Last Saturday was the first morning that we had all smiles from all participants for our morning walk. Both kids were actually in a good mood, which is unusual for that early in the morning. When we returned to the boat they updated their journals and worked on study books for math, grammar and reading comprehension while I cooked bacon. Cooking bacon on our boat involves turning off the air-conditioning and opening hatches so that the bacon smell does not permeate everything inside the boat. Our galley has a good vent fan over the stove, but cooking odors still find their way throughout the small confines of a closed boat.
As soon as we open the hatches, the flies start swarming in. Flies are particularly prevalent in Malaysia. And they drive us crazy!!! That is one enormous benefit of having air-conditioning and being able to keep the hatches and companionway closed 99% of the time. I think we could tolerate the heat (albeit very uncomfortably!), but neither Bill nor I could ever get accustomed to these annoying flies.
As I cooked bacon, both Zachary and Elisabeth grabbed fly swatters and started fly patrol. By the time the bacon was cooked and we closed the boat back up, there was only 2 flies left inside; and those were quickly dispatched. I love having the grandkids aboard on bacon-cooking day.
Next on the agenda for Saturday was to attempt dinghy repair again. Bill had applied 2 hypalon patches about 2 years ago and those have held fine until recently. Last week he had used a heat gun and removed the old patches and the old adhesive, and had applied 2 new patches. He let the dinghy sit with very low air pressure for several days to allow the adhesive to set well, as per instructions included in the dinghy hypalon patch kit. Then he inflated it and everything looked perfect........for 2 days. Then it started leaking again. Bill did more research and learned that one is supposed to apply the patch in the shade and the dinghy should remain in the shade for 5 to 7 days afterward to allow the adhesive to set properly. By leaving the dinghy in the full sun, it had been exposed to very high heat and the patches had loosened. The glue will liquefy at 160F and the dock gets every bit of 160F almost daily in full sun. No wonder the patch did not hold properly. Back to square one!
Next step was to again use the heat gun to loosen the newly-applied adhesive and use a flat edged tool to smooth the patch down tight again. Then he removed more air and turned the dinghy upside down to put the patches in the shade. He let it sit in this position for 5 days after the second repair attempt. Today was the day to test how well the patches were holding. Bill flipped the dinghy over and pumped it up and waited 6 hours. Seemed to hold fine so we mounted the outboard and took the kids for a dingy ride. They both enjoyed that a lot. We went out into Johor Strait and let each kid drive for awhile. Zach is an old hand at driving the dinghy but this was the first time Elisabeth tried her hand at it. She did surprisingly well......better than some of my adult friends. There were a bunch of local kids in the marina lagoon in the pedal boats and kayaks that afternoon. Zachary had no problems winding his way through all of them as we returned to our boat.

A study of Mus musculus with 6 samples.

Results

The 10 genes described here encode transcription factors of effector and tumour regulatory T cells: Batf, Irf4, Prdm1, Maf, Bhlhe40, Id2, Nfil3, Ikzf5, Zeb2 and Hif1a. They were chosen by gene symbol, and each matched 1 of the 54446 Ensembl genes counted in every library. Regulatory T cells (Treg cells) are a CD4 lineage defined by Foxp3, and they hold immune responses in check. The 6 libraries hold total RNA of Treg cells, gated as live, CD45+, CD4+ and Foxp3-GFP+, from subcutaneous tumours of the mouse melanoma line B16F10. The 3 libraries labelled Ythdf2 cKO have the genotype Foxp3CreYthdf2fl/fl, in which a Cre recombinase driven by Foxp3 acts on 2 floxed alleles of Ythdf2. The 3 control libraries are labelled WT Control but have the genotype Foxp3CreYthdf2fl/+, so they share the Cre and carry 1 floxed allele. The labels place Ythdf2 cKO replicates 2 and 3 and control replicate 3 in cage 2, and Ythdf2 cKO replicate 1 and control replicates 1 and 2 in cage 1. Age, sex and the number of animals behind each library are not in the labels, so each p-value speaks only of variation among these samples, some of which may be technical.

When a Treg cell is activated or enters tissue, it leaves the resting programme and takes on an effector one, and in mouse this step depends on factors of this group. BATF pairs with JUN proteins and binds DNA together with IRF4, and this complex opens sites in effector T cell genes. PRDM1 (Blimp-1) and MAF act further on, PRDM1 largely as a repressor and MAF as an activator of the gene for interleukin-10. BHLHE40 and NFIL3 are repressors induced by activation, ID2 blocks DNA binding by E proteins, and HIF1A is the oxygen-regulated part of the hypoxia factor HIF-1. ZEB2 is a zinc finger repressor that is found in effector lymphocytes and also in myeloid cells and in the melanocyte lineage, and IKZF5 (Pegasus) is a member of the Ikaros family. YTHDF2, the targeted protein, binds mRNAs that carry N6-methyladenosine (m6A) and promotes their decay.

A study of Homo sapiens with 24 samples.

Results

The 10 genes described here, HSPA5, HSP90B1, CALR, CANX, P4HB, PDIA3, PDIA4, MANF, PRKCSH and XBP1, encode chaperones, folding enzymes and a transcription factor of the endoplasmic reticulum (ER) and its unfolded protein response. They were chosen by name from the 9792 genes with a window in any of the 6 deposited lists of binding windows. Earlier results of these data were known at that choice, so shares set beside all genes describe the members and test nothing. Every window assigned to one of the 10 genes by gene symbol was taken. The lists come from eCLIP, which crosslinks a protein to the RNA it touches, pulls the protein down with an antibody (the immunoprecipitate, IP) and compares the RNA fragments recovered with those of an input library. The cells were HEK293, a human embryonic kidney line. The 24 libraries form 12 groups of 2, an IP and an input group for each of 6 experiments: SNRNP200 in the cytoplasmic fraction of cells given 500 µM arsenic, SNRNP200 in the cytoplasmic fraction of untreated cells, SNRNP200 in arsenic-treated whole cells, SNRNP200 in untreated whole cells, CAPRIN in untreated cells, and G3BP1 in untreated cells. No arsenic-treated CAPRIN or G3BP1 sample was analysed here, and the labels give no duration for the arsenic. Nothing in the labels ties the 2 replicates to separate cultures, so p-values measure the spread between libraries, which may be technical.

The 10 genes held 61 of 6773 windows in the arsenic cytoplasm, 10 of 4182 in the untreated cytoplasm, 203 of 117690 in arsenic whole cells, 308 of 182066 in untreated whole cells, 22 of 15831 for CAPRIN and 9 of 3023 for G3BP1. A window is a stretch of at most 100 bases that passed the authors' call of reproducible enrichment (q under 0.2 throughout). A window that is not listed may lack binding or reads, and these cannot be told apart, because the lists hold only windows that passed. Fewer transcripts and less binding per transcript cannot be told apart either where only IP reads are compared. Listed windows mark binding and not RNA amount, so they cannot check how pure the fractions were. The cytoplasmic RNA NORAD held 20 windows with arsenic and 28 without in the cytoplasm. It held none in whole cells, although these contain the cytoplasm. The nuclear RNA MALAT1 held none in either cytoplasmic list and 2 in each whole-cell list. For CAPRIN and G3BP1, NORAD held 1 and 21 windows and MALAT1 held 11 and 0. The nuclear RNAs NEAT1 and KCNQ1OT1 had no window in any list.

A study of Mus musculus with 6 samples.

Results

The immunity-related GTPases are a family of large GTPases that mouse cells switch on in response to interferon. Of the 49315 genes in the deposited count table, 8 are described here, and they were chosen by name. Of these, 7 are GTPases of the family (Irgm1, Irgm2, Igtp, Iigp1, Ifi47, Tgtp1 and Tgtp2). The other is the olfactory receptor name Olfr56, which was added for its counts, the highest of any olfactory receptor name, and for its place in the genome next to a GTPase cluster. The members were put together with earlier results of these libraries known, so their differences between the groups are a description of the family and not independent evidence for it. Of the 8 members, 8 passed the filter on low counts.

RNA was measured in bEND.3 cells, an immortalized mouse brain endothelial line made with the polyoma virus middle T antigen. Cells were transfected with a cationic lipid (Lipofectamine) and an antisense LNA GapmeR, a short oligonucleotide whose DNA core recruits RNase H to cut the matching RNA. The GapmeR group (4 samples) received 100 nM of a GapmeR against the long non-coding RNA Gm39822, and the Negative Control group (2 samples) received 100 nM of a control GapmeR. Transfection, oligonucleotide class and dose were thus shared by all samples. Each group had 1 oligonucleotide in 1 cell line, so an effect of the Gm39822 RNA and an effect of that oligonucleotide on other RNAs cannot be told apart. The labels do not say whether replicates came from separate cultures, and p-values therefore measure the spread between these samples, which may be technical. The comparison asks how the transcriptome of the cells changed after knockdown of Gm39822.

Unfortunately, the next day it was obvious that one or both of the patches were slowly leaking. Bill has used all our hypalon patches and adhesive so there is nothing we can do about it right now. He ordered more hypalon and our son will bring it when he meets us in Singapore in August, and we continue to search for the correct adhesive. Surely it is available somewhere in Singapore. It is not available in Malaysia.
Today I washed all the laundry and packed our duffel bags. After dinner tonight I will defrost the fridge and turn it off. The marina shuttle will take us to the train station in Johor Bahru at 06:30 tomorrow morning, and we will begin our journey to Thailand. The first train goes from Johor Bahru to Butterworth terminal near Penang. We should arrive at Butterworth around 20:00 tomorrow evening, and will take the ferry across to Penang. One night in a hotel in Penang and then back to the Butterworth terminal to catch the train to Bangkok shortly after 2 the next afternoon. This will be an overnight train, and should arrive in Bangkok mid-day Thursday. Stopping in Penang for 1 night and 1/2 day should let us know whether we want to stop there for several days on our return trip. Penang was one of the top 40 places to see according to the New York Times last year. Sailing friends visited there a few months ago and said the water is very dirty and the fast ferries cause too much rolling. They hated being there, so we figure the best way to see Penang might be on land rather than by sailboat. If it looks interesting, we will stop in Penang for a few days on our way back from Thailand.